The result of the election was a second consecutive hung parliament, with the Australian Labor Party forming minority government after receiving the support of independent Peter Wellington. This election was the first in which One Nation Party supporters were elected into state Parliament, with the controversial party winning 11 seats. With nearly 23% of the vote, One Nation gained a higher percentage of the vote than any other third party (non-Labor or Coalition) in any State or Territory since Federation. This was also the only election where a third party has gained more votes than both the Liberal and National parties (considered separately). As a result of the high One Nation vote, any 2PP result would have been virtually meaningless and was not counted.
A few months after the election, the One Nation member for Mulgrave Charles Rappolt resigned, and the Australian Labor Party candidate won the subsequent by-election, resulting in the ALP holding a majority in the Legislative Assembly.
The fact that the Coalition Government came to office as a direct result of the 1996 Mundingburra by-election instead of the general election the previous year and that it was not elected in its own right at the 1998 election meant that the 1998 election was fourth consecutive election victory for the ALP having won every general election since 1989.
The previous state election had resulted in one of the narrowest margins of any Australian election. The Goss government briefly clung to life by a single seat; however, the Court of Disputed Returns ordered a new election in the disputed seat of Mundingburra. This by-election was won by the Liberal Party; Independent MLA Liz Cunningham announced her support for a National-Liberal coalition government, and Rob Borbidge was appointed as Premier.
The Borbidge government's popularity suffered in the later part of its term due to the federal Howard government's GST plans. Seeking to create a more definite majority, Borbidge called a new election on 19 May 1998. Although early polling showed the government to be strongly competitive with Labor, led by Peter Beattie, later polls saw Labor gain a substantial lead.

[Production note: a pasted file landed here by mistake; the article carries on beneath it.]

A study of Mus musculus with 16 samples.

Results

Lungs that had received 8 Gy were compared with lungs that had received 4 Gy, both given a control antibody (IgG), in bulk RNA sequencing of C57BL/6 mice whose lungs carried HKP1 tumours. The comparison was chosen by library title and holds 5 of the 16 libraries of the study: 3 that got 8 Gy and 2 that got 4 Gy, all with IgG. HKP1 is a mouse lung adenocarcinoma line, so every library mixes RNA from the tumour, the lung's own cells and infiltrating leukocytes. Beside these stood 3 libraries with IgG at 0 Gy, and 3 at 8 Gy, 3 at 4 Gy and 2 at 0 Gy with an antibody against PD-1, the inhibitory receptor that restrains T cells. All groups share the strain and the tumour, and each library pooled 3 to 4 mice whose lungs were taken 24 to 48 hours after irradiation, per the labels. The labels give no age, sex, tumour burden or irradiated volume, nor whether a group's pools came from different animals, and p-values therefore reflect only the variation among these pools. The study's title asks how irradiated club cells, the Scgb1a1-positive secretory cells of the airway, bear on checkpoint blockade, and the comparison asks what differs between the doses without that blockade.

However, the debate between the two parties was rapidly sidelined by One Nation's emerging support. Formed in 1997 by federal Independent MP for OxleyPauline Hanson, One Nation gained significant support on a platform of economic nationalism, anti-immigration sentiments and opposition to native title. One Nation stood candidates in 79 seats, all largely political novices. The issue of preference allocations to One Nation, under Queensland's optional preferential voting (OPV) system, became a major campaign issue, with eventual poor results for the Liberals attributed to opposition from many of their traditional voters over their decision not to put One Nation last on preferences.
Although the Coalition Government initially enjoyed strong levels of support subsequent to assuming office in 1996, support was quickly lost. From 1997, Labor opened a consistent, albeit narrow, lead in the polls and by 1998 Labor was enjoying a commanding lead. The Coalition was eventually disadvantaged by what was commonly deemed to be poor government performance and the rapid rise of One Nation support, which under the state's optional preferential voting, fractured the Conservative vote. The Coalition vote significantly plummeted, whilst Labor essentially withstood the swing to One Nation.